Opera Magazine August 2012
Guild Hall School of Music and Drama, May 29
Thorton Wilder's classic American play was the subject of overtures (of the non-musical kind) and requests for Operatic rights from both Leonard Bernstein and Aaron Copeland, and it is tantalizing to think what they might have made of it. But on the whole, it was good that he turned them down (Bernstein especially, whose style was surely too sassy and knowing for this study in nostalgia), for Ned Rorem's 2006 adaptation (to a libretto by J.D. McClatchy) is exactly the sort of touching idyll the play would seem to require. A truly authentic American opera, it has far greater musical integrity than the Heggiesque idioms that increasingly pass for new opera in America now. Made when the composer was 83 and the playwright had been dead for 30 years, it is a beautifully autumnal piece of work, yet suites student performers well. Premiered at Bloomington, Indiana, it has gone on to several American conservatories; this staging with students at "The Guild Hall" was it's first European production.
The setting - of both play and opera - is Picket-fenced, apple-pie 1900's New Hampshire. Despite a large cast, the simple plot focuses on Emily and George, who as the offspring of two respectable families in the village of Grover's Corners duly fall in love and get married. Emily dies in childbirth, but continues to make her presence felt in the act 3 dialogue between the dead and the living. The point at which the seemingly naive drama turns powerfully poignant and where Rorem's gently illuminating gains disturbing depth. But what made Wilder's work so seminal was his stage directions, developed independently of Brecht's theatrical theory yet striving to give his audience a similar critical relationship with the action. ("Our reviews say that is a nostalgic, unpretentious play with charm,'recalled Wilder'. "But what I wrote was damned pretentious.") His play was designed to be performed on an empty stage with projections and mime rather than props and scenery, and Stephen Medcalf's superb production at the GSMD preserved this integrity moving with ingenuous and haunting fluidity. The Silk Street Theatre was configured with the audience on three sides of the central platform and pew-like seats on the fourth side for the performers, evoking the church's centrality in the community. Medcalf also modernized and expanded Wilder's concept of the projections, giving the Stage Manager (as he is called, really a one-man Greek Chorus who comments on the action) and iPad from which he did Powerpoint presentations of the history of Grover's Corners.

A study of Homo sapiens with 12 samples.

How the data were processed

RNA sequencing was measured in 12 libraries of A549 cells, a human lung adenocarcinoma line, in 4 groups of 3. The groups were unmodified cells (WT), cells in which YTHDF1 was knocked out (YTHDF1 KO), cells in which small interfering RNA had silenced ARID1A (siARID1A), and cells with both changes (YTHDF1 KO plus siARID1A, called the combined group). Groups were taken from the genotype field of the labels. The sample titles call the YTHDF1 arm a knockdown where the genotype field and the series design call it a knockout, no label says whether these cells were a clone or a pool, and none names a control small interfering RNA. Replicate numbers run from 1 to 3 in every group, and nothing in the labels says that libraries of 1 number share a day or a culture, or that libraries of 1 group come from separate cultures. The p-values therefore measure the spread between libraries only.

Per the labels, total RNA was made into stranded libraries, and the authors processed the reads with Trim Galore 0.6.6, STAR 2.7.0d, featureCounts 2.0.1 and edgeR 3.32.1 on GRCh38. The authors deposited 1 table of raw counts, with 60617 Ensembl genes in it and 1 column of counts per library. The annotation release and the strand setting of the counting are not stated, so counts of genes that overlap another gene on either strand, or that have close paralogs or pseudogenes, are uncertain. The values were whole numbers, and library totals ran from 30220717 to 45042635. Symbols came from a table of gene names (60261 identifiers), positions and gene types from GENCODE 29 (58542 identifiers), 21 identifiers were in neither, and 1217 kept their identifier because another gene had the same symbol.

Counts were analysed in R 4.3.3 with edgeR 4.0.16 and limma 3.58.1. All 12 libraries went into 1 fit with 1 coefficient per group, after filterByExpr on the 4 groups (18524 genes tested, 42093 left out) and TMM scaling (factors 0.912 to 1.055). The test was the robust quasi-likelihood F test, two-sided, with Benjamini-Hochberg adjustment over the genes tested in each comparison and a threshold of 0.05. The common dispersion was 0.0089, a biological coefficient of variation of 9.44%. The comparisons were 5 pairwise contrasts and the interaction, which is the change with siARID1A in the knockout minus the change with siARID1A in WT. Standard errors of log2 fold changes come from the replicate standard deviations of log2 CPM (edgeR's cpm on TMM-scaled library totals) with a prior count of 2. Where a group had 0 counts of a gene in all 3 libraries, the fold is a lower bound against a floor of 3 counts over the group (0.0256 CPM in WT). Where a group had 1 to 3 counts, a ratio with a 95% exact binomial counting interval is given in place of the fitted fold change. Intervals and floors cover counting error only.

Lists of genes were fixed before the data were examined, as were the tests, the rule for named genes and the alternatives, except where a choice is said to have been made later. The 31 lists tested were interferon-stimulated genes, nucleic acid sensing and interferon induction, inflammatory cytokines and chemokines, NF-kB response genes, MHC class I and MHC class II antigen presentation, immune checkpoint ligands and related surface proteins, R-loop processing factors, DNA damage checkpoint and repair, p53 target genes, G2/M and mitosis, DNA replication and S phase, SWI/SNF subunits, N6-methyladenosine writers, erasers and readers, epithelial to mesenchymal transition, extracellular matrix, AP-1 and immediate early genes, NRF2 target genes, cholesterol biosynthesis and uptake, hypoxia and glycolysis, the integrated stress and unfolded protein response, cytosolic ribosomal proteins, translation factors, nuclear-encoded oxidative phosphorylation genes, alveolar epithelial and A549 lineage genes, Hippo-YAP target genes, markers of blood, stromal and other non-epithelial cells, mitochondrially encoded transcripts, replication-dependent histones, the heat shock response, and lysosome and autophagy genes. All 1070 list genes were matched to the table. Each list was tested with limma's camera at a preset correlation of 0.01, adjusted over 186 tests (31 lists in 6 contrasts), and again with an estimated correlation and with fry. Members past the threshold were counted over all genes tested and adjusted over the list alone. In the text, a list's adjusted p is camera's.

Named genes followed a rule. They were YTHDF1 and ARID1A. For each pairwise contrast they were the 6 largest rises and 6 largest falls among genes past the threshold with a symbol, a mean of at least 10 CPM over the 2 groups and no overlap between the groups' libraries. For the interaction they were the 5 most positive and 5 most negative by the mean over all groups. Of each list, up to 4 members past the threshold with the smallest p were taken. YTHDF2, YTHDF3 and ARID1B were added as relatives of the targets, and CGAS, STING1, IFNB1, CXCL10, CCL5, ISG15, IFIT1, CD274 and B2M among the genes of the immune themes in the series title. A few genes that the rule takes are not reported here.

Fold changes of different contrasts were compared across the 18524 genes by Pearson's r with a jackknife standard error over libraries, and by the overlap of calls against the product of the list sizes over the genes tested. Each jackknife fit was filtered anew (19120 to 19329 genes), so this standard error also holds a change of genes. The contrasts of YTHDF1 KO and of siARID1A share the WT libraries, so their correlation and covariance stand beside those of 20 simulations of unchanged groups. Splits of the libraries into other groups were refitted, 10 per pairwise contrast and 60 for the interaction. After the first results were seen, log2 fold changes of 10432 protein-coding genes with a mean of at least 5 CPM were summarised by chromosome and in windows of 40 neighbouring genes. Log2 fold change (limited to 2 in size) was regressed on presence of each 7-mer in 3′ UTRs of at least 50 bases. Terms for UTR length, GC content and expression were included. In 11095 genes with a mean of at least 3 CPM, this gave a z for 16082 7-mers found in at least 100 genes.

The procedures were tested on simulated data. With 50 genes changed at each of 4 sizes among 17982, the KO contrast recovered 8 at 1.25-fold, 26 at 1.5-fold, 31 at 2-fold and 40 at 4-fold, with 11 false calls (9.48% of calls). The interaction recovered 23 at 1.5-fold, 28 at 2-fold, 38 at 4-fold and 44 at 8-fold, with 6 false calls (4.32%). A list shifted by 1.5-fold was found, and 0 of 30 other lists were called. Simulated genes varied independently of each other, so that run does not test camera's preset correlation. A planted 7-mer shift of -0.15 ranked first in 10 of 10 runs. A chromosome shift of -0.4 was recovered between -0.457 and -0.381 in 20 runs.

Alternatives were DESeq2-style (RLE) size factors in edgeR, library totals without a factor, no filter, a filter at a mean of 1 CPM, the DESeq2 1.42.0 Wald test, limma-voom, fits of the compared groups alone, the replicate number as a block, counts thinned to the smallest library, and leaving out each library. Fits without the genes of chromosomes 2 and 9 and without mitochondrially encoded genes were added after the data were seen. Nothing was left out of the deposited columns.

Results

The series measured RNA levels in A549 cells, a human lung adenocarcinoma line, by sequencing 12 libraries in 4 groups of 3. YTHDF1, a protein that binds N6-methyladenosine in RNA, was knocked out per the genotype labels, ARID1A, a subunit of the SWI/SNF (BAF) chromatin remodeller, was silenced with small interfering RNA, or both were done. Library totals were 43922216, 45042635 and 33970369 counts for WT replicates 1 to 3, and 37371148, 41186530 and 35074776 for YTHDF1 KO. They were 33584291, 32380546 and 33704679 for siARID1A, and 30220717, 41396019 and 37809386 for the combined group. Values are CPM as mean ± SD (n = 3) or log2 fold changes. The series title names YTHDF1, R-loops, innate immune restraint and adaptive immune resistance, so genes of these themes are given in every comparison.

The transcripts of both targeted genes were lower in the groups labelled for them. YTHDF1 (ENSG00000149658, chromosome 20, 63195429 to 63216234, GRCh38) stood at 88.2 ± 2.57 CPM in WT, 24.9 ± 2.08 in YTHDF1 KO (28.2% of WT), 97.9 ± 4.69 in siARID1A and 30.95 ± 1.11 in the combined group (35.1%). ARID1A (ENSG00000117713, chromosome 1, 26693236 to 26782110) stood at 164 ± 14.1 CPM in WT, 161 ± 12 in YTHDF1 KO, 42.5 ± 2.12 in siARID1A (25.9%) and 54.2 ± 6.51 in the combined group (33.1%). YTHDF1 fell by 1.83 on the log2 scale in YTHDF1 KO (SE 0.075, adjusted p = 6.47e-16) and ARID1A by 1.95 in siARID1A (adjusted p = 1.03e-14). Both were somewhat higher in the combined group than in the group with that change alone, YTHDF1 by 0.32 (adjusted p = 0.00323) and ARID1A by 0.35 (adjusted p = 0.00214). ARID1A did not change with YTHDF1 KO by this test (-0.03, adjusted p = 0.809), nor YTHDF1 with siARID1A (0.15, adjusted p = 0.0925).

The talented cast entered into the spirit of things with sly whit, lead with panache by the Stage Manager of Stuart Laing. Sky Ingram sang Emily Webb with sunny tone and gave her all to the character and Alexandros Tsilogiannis brought a darkish tenor to George Gibbs. There were lively cameos from Anna Starushkevych (Mrs. Soames, the village busybody), Barnaby Rea (Dr. Gibbs), Ashley Riches (Mr. Webb) and Jorge Navarro - Colorado (Simon Stimson, the alcoholic choirmaster). Balancing this chromatically-spiced tonality and soft-edged modernism in Rorem's score, Clive Timms shaped a flowing performance and ensured that his singers were never overpowered. This marked his retirement after more than two decades as the GSMD's head of opera studies, and it was a fine farewell.